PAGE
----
Advancing Your Career with Social Network Sites
Should Your Boss Be a Facebook Friend?
By Robert DiGiacomo, for Yahoo! HotJobs
The invites to join LinkedIn, Facebook and other social networking sites are flooding your inbox from friends, colleagues, ex-coworkers, college classmates and even your boss. Do you accept them all or weed some out? And how can you build upon these relationships to advance your career?
Like much of our virtual existence, the rules for online networking follow those of the real world: Follow-up is key, flattery works and don't put something in writing if it could hurt your prospects.
Networking Made Easier
Adding online contacts is just the first step of networking -- you must also keep in touch with them, says Alexandra Levit, a career consultant, blogger and author of They Don't Teach Corporate in College.
"Mind your networks, and make sure you're using them to keep track of people," Levit says. "One of the biggest mistakes is to make a valuable contact and let it drop."
Maintain Distinct Identities
If you would rather your boss not find out the details of your Cinco de Mayo fiesta, separate your virtual personal life from work via dedicated social networking pages, according to Anastasia Goodstein, founder of the YPulse.com blog and author of Totally Wired: What Teens and Tweens Are Really Doing Online.
"Tell your boss you're setting up a page for professional contacts -- here's the link and 'friend' me there," Goodstein says. "Find a way to do it graciously, but keep it separate from your personal page."
Invitations and Recommendations
Rather than rejecting an unwanted "friend," accept the invite, but limit your interactions. "Just accepting them as a contact isn't going to do you any harm," Levit says. "Where I would draw the line is writing any kind of recommendation or endorsement of that person."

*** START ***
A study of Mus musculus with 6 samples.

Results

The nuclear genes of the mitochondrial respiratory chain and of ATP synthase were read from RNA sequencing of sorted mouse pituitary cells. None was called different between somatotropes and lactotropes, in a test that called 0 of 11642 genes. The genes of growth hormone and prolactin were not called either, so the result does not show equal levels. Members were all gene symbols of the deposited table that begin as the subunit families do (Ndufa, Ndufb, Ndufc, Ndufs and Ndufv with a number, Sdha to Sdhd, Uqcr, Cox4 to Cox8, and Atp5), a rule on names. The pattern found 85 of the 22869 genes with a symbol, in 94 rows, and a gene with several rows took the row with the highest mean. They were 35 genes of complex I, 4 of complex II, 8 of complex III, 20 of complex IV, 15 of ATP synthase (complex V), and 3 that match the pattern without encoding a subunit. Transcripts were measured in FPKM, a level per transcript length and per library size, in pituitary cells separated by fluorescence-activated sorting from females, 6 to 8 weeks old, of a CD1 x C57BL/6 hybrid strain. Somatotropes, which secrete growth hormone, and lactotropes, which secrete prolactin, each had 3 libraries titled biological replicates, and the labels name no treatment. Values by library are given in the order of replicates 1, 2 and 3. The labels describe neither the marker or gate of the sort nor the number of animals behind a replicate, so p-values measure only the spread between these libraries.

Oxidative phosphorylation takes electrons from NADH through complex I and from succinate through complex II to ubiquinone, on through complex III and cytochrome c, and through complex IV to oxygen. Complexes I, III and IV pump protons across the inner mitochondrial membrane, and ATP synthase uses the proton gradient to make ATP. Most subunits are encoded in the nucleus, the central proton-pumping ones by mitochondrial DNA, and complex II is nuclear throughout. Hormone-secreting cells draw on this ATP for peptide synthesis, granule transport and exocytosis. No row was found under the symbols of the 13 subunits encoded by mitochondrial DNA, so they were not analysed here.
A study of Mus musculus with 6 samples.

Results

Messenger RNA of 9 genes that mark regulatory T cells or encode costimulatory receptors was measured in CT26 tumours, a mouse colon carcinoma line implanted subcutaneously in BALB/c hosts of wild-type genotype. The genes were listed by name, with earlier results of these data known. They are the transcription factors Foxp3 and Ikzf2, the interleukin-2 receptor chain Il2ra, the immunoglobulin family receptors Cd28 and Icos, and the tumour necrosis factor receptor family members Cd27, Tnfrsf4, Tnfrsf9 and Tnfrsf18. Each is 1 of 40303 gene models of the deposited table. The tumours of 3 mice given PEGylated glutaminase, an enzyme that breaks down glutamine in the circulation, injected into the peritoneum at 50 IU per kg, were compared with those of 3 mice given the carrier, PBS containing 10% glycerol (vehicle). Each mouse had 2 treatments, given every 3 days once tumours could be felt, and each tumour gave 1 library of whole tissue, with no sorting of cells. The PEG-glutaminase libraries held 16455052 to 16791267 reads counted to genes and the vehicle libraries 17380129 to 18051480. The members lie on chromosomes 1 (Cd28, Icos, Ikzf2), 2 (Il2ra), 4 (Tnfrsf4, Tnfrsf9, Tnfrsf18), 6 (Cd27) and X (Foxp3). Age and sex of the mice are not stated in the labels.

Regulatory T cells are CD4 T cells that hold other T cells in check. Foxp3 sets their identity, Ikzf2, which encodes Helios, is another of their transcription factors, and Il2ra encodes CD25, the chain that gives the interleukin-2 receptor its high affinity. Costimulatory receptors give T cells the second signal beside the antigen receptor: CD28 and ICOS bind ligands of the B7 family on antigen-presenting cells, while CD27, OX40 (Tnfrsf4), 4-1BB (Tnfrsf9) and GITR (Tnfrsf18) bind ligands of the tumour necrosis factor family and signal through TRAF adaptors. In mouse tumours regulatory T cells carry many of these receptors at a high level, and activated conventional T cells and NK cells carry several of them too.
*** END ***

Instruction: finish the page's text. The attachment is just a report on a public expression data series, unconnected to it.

Use social networks to garner recommendations, and strengthen ties to business associates and colleagues by posting referrals for them.
"Nothing will endear you to the person more than telling them what you think of them and doing something nice," Levit says.
Keep It Confidential
"If you're talking about your top-secret product with a coworker on Facebook, I'm sure the IT department won't be very happy," Goodstein says.
At the same time, Goodstein adds, employers should spell out what's appropriate for chatting or blogging -- and what's meant for internal correspondence only.
Context Is King
When posting personal information or photos, leave out any revealing images, references to drug use or material that might be considered politically incorrect. "Don't have anything on there you'd be embarrassed to have grandparents or religious officiants see," Levit says.
Managers shouldn't automatically discount a candidate with a questionable photo or posting, depending on whether the material violates company policy or can be chalked up to a youthful indiscretion.
"It's a great opportunity to ask them about it in an interview," Goodstein says. "Younger people have been online for most of their lives, so it could be something they posted 10 years ago, but they've probably evolved since then. You can tell by how they answer if somebody's going to be a good fit."